One possible scenario that very much amuses me:
- The rows were originally written when the database didn't have Read Committed Snapshot (RCSI), Snapshot Isolation (SI), or Availability Groups (AGs) enabled
- RCSI or SI was enabled, or the database was added into an Availability Group
- During the deletions, a 14-byte timestamp was added to the deleted rows to support RCSI/SI/AG reads
Since this server is a primary in an AG, it's affected just like the secondaries are. The version info is added on the primary - the data pages are the exact same on both the primaries and secondaries. The secondaries leverage the version store to do their reads while the rows are being updated by the AG, but the secondaries don't write their own versions of the timestamp to the page. They just inherit the versions from the primary's work.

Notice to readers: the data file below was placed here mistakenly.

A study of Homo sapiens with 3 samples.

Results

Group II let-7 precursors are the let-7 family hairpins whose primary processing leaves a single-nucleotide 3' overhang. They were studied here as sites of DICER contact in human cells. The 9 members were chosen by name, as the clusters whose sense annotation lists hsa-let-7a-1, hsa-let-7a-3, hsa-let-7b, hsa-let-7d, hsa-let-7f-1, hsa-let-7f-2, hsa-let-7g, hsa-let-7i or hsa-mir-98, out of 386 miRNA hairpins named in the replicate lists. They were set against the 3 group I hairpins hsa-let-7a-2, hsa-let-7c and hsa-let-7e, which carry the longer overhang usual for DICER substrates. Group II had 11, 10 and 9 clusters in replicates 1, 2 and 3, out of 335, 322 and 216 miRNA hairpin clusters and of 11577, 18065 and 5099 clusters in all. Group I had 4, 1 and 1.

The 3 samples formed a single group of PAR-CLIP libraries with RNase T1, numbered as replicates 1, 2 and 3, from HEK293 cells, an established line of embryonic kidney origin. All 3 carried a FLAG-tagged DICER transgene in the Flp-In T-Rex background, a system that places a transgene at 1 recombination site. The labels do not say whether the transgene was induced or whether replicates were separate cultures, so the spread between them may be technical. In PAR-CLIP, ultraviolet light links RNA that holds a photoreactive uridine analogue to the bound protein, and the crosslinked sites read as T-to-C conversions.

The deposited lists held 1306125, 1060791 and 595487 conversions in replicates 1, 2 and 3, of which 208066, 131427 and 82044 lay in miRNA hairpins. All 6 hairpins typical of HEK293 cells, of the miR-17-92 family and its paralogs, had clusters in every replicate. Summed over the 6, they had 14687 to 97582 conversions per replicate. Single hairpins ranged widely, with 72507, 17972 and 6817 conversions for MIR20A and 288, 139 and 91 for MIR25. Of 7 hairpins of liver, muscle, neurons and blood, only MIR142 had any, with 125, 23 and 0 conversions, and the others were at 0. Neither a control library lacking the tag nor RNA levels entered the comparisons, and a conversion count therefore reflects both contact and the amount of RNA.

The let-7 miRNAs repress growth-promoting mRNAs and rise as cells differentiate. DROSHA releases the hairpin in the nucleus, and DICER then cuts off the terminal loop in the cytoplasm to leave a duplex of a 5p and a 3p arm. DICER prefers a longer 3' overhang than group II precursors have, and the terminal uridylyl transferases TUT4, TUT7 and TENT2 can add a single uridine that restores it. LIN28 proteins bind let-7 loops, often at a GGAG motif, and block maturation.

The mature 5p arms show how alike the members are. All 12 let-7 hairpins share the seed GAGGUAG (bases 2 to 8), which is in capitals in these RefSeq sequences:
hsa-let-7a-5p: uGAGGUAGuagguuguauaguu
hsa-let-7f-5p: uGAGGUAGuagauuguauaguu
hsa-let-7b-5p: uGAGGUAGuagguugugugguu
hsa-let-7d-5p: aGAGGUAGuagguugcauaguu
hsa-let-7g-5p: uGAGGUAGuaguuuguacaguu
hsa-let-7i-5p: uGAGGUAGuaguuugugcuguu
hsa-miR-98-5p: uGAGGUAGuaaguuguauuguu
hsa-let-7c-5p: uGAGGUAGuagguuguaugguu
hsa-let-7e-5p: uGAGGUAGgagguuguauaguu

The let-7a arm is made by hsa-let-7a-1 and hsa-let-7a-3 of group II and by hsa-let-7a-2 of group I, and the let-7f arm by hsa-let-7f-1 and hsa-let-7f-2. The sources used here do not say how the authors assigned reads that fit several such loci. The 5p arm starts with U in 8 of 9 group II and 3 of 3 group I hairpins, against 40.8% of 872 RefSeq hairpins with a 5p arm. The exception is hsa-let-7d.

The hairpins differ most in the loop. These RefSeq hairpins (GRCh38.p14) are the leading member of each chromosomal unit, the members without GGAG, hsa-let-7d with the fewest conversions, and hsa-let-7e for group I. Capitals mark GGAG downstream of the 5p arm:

To demonstrate the growth, I took the Stack Overflow database export (which doesn't have RCSI enabled) and created a bunch of indexes on the Posts table. I checked index sizes with sp_BlitzIndex @Mode = 2 (copy/pasted into a spreadsheet, and cleaned up a little to maximize info density):
I then deleted about half of the rows:
DELETE dbo.Posts WHERE Id % 2 = 0;
Amusingly, while the deletes were happening, the data file was growing to accommodate the timestamps, too! The SSMS Disk Usage Report shows the growth events - here's just the top to illustrate:
(Gotta love a demo where deletes make the database grow.) While the delete was running, I ran sp_BlitzIndex again. Note that the clustered index has less rows, but its size has already grown by about 1.5GB. The nonclustered indexes on AcceptedAnswerId have grown dramatically - they're indexes on a small value that's mostly null, so their index sizes have nearly doubled!
I don't have to wait for the deletion to finish to prove that out, so I'll stop the demo there. Point being: when you do big deletions on a table that was implemented before RCSI, SI, or AGs were enabled, the indexes (including the clustered) can actually grow to accommodate the addition of the version store timestamp.